I have a problem with weakness.  When a person’s weakness is on display in a way I don’t like, I find it difficult to be welcoming and open.  Yet I also am convinced that being honest and sharing your heart is a necessary part of living an authentic Christian life.  I understand that seeming as though I always have it together is detrimental to myself and others.  However, seeing weakness in a way other than what I believe is an acceptable display is hard for me to embrace.

This realization–my understanding of vulnerability and yet my dislike of apparent weakness–makes me pause and wonder what is in this little heart of mine.  Sometimes, I see weakness and I am drawn to the person.  In a way, I suppose my heart responds like the Lord’s heart–the misery of another makes me desire to love them in the midst of the struggle.  However, sometimes, I see weakness and I am repelled by it.  I question why they struggle in that particular way or in such a public manner.  Instead of feeling compelled to reach out to them and help them, I withdraw and wish they could get their act together.

Like I have said before, this heart of mine is far, far away from being a perfect heart.

I think a theme that has been woven into several of my posts is one of brokenness and seeking the Lord in the midst of that break.  Yet I also want to have it together and I want other people to be composed.  The other day at Mass, I found myself asking my heart a question, “How is it that you want people to share their brokenness and yet you don’t want to see weakness?  Is there an appropriate way to be broken?”

Is it fair to criticize people for the way they fall apart?  For the way they fail and are weak?  I like when people talk about their humanity, but I’m less interested in actually seeing their humanity.  It is silly, but I find myself arguing that I think there is a proper way to be broken.  A recent experience in prayer highlights the freedom that can be found in being broken and revealing that brokenness.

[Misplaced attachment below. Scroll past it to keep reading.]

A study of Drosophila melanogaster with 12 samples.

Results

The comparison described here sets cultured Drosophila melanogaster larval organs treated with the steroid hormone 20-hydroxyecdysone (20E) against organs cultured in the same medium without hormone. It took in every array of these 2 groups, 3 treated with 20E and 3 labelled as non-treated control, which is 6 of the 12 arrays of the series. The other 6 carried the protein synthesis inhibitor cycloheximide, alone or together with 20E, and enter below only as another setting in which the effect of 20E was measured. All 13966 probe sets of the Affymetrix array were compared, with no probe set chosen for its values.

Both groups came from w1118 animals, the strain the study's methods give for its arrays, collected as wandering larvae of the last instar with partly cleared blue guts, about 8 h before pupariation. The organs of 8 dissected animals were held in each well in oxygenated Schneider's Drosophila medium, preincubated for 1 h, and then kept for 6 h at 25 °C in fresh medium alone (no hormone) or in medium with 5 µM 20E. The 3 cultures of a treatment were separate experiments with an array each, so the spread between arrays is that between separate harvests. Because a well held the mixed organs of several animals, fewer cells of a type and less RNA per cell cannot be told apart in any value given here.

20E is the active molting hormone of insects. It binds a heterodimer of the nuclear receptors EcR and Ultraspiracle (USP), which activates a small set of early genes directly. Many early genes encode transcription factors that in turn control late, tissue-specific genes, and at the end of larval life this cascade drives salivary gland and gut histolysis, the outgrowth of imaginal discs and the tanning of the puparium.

Fr. Timothy Gallagher has a book called An Ignatian Introduction to Prayer: Scriptural Reflections According to the Spiritual Exercises.  The opening meditation uses the story of Bartimaeus, the blind beggar in Mark 10.  In the opening lines of the meditation, I was directed to take my seat with Bartimaeus.  Soon, this blind man is calling out to Jesus, “Son of David, have mercy on me!”

In prayer, I was surprised to find an annoyance with him.  He was obnoxiously calling out to Jesus and I resisted the urge to shush him.  How could he be so shameless?  In the midst of the crowd, he was crying out, causing people to acknowledge his blindness and his complete inability to change his situation.  I wanted Bartimaeus to be more discreet and not draw so much attention to himself.  However, to Bartimaeus, his helplessness was paradoxically a place of hope.

The meditation continued as I was directed to call out to Jesus, “Jesus…have mercy on me!”  My embarrassed response to Bartimaeus turned into a timid calling out to Jesus.  Yet as Bartimaeus continued to boldly yell, I felt my own heart emboldened as I called louder and louder.  In the midst of that calling, I found a freedom.  When I make my needs to known to Jesus, He stops and has me brought to Him, brokenness and all.  However, the simple act of shouting to Jesus, showing others that I am weak and broken, brings freedom to a place of hidden fear.

If I trust that Jesus will do what is best for me, why should I care if others know about the change occurring within me?  Without Him, I am a broken mess.  The fact that Jesus can come into that broken mess and create order and healing, is something to rejoice over and make known, not keep hidden.  My littleness reveals the greatness of the Lord.  I cannot cause such a change within myself, I cannot heal myself–but He can.

So when it comes to the brokenness I see in other people, I want it to be limited glimpses.  I want the weakness to be something small, manageable, and proper.  Bartimaeus showed me otherwise.  Perhaps people reveal their struggles and difficulties in ways I find repelling or at least inconvenient.  Maybe I am struck by their complaints and feel threatened because they are complaining about something I like or their brokenness is too apparent.  Instead of compassion, I re-double my efforts to keep my facade and remain collected.

More than propriety or comfort, the Lord desires my honesty and authenticity.  He knows I am not perfect, yet He asks me to keep acknowledging my lack.  It is a lack that only He can fill.  But unless I remind myself of that truth, I am quick to think I can fill it myself or at least cover the gaping hole so that it doesn’t appear too bad.  When I called out to the Lord in prayer, I found a freedom.  A freedom in releasing my restraints of what was acceptable to do in a crowd or my fear of how others would perceive me.